Running and sprinting are simple in theory - put one foot in front of the other as fast as possible. It’s not rocket science, but it is a science. This is why learning proper technique is important at any skill level, especially in competitive settings, where even small mistakes can have significant effects. That’s where Sprint Academy Founder Christian Robinson comes in.
“Our goal is to remove as much guesswork as possible from the education process and replace it with objective measurements that are easy to understand without being overwhelming. We’ve found clarity helps athletes appreciate sprinting,” Robinson said. “People ask how they can get faster, but we ask, ‘Why are you slow? What things are a hindrance to you? What things are holding you back? Where are you lacking?’ If you improve those low-hanging fruits, it’s like removing obstacles for the person to perform at their best.”
To achieve this aim, he developed the Bounce Box, which uses the SparkFun RedStick to provide instant feedback on athlete’s ground contact time, an important metric for sprinting in any sport.
“There are training modalities (sprinting, bounding, jumping, etc.) that rely on executing actions within a very small window of time - usually, it’s less than two tenths of a second for a powerful athletic movement - and the Bounce Box allows us to determine if the training you are doing matches up with what you want to do in the field,” Robinson said. “For instance, you’re standing on top of a box and you’re supposed to jump down and jump up. That time that you ‘boop’ on the ground is really, really important. Yet, when people are using it as a training modality, they have no reference for whether or not their ‘boop’ is too long or too short, or not executed correctly.”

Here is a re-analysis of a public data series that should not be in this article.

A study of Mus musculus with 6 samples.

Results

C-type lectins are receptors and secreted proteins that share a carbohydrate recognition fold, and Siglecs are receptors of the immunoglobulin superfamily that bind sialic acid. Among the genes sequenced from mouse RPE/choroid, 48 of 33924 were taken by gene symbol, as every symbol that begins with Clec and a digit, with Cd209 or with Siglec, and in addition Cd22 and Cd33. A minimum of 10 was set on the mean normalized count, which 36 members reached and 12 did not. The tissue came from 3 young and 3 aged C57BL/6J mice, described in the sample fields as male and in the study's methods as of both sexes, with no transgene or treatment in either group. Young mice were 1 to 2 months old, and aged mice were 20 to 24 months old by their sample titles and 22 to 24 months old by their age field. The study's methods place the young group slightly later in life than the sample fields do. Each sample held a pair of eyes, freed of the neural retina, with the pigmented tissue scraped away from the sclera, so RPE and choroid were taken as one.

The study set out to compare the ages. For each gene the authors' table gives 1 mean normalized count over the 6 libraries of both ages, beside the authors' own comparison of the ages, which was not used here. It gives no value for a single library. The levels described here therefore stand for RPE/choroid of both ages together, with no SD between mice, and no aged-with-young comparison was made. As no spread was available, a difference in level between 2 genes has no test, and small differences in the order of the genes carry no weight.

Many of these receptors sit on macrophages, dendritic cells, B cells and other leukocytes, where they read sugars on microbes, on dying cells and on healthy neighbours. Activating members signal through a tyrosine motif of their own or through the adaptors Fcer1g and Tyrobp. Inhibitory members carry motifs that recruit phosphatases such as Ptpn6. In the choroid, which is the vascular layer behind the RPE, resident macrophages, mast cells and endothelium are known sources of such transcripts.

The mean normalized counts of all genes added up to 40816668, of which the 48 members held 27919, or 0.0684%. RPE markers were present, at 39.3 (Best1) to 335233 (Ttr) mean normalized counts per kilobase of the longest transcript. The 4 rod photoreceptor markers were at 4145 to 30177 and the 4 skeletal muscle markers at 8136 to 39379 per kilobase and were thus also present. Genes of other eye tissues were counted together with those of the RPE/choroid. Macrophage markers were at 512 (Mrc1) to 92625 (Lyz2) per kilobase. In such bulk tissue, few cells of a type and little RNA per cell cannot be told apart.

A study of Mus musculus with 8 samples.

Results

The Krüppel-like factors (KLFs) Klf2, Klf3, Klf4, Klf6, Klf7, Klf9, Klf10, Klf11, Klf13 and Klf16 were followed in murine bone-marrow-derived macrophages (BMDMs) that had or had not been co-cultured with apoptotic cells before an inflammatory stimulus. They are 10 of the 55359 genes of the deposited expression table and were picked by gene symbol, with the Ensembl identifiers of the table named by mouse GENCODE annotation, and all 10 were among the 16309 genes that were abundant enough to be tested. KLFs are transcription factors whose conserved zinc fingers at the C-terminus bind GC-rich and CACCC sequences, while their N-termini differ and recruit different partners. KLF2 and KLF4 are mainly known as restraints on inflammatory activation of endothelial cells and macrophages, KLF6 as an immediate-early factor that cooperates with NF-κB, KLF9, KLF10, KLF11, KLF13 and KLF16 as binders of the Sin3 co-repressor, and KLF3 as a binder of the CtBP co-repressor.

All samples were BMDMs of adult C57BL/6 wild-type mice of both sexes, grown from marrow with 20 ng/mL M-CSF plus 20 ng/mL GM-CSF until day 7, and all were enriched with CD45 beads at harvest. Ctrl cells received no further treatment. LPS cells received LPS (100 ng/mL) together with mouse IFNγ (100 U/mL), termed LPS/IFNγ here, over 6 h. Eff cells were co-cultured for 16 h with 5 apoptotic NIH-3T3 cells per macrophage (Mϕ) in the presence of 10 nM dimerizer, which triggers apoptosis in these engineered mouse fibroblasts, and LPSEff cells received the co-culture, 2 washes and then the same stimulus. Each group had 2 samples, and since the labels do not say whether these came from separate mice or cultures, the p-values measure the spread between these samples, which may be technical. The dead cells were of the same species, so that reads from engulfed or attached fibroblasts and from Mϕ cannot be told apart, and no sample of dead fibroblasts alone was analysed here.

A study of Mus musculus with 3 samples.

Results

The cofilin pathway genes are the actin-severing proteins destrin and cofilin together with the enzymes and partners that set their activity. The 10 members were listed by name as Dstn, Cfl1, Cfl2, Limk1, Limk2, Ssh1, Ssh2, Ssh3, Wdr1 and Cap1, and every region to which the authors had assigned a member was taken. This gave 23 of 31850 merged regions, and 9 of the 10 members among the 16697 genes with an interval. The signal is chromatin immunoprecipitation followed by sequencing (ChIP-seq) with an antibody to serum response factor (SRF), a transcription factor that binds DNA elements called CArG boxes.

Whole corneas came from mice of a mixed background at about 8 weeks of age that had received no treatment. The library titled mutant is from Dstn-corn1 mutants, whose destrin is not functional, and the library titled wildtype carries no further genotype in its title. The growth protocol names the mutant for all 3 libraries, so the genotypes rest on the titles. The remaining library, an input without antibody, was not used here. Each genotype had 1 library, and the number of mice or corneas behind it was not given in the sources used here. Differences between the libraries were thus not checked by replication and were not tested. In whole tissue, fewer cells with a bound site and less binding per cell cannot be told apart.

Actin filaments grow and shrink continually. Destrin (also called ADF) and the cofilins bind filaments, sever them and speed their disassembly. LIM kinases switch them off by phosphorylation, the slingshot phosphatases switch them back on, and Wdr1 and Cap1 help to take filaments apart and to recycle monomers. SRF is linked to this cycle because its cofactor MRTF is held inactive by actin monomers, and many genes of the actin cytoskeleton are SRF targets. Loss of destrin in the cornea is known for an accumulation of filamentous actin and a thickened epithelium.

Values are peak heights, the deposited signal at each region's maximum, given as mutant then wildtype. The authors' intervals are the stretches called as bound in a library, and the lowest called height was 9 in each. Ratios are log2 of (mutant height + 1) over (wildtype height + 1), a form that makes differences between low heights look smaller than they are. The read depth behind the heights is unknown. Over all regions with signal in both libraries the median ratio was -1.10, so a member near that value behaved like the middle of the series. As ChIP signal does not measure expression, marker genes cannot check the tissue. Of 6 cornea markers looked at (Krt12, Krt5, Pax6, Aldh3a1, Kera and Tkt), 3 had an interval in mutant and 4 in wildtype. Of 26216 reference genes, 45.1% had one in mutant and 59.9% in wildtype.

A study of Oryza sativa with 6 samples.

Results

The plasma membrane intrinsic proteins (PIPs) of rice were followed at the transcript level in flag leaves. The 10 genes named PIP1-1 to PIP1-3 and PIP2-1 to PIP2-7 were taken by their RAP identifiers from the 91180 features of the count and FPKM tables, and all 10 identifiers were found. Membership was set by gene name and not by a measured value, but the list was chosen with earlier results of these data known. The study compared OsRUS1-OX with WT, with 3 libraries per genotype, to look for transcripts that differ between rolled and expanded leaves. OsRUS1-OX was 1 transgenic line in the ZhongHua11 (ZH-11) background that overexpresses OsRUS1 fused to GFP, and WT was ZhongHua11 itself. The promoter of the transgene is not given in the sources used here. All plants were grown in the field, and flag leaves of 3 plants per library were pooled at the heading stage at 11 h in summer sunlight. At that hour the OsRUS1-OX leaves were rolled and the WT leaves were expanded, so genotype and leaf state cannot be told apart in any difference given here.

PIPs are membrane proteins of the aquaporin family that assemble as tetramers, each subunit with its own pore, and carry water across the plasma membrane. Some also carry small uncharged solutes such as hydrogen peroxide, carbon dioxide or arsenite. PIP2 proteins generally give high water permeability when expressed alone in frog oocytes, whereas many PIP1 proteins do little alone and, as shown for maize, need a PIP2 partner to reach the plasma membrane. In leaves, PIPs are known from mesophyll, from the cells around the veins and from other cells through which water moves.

Before designing the Bounce Box, Robinson took stock of what was currently on the market and found it lacking. What did exist was super high-tech, expensive and fragile. Often housed in specialized biomechanics labs, force platforms can give athletes the same type of information as the Bounce Box, but require access to the lab, something typically reserved for elite athletes.
Close up view of the Bounce Box.
“There are many technologies that provide different metrics but I couldn’t find anything rugged that does it simply,” Robinson said. “I wanted something where I could just drop it wherever I needed and be able to determine that the training I was doing was effective.”
The Bounce Box clocks ground contact.
Robinson wanted to bring this technology to the masses, to provide information that even beginners can benefit from. The result? A robust, relatively inexpensive piece of hardware that can provide millisecond-level feedback directly in the field.
“When I’ve put it in front of athletes - testing it with everyone from Olympic to novice high school athletes - they’ve all figured it out, and they’ve all had tremendous fun without it detracting from the learning/training environment,” he said.
Robinson has big plans for the future of Spring Academy and Bounce Box, and hopes to develop and deliver more accurate timing and accessible measurement tools to athletes in all sports that involve sprinting, jumping and accelerating.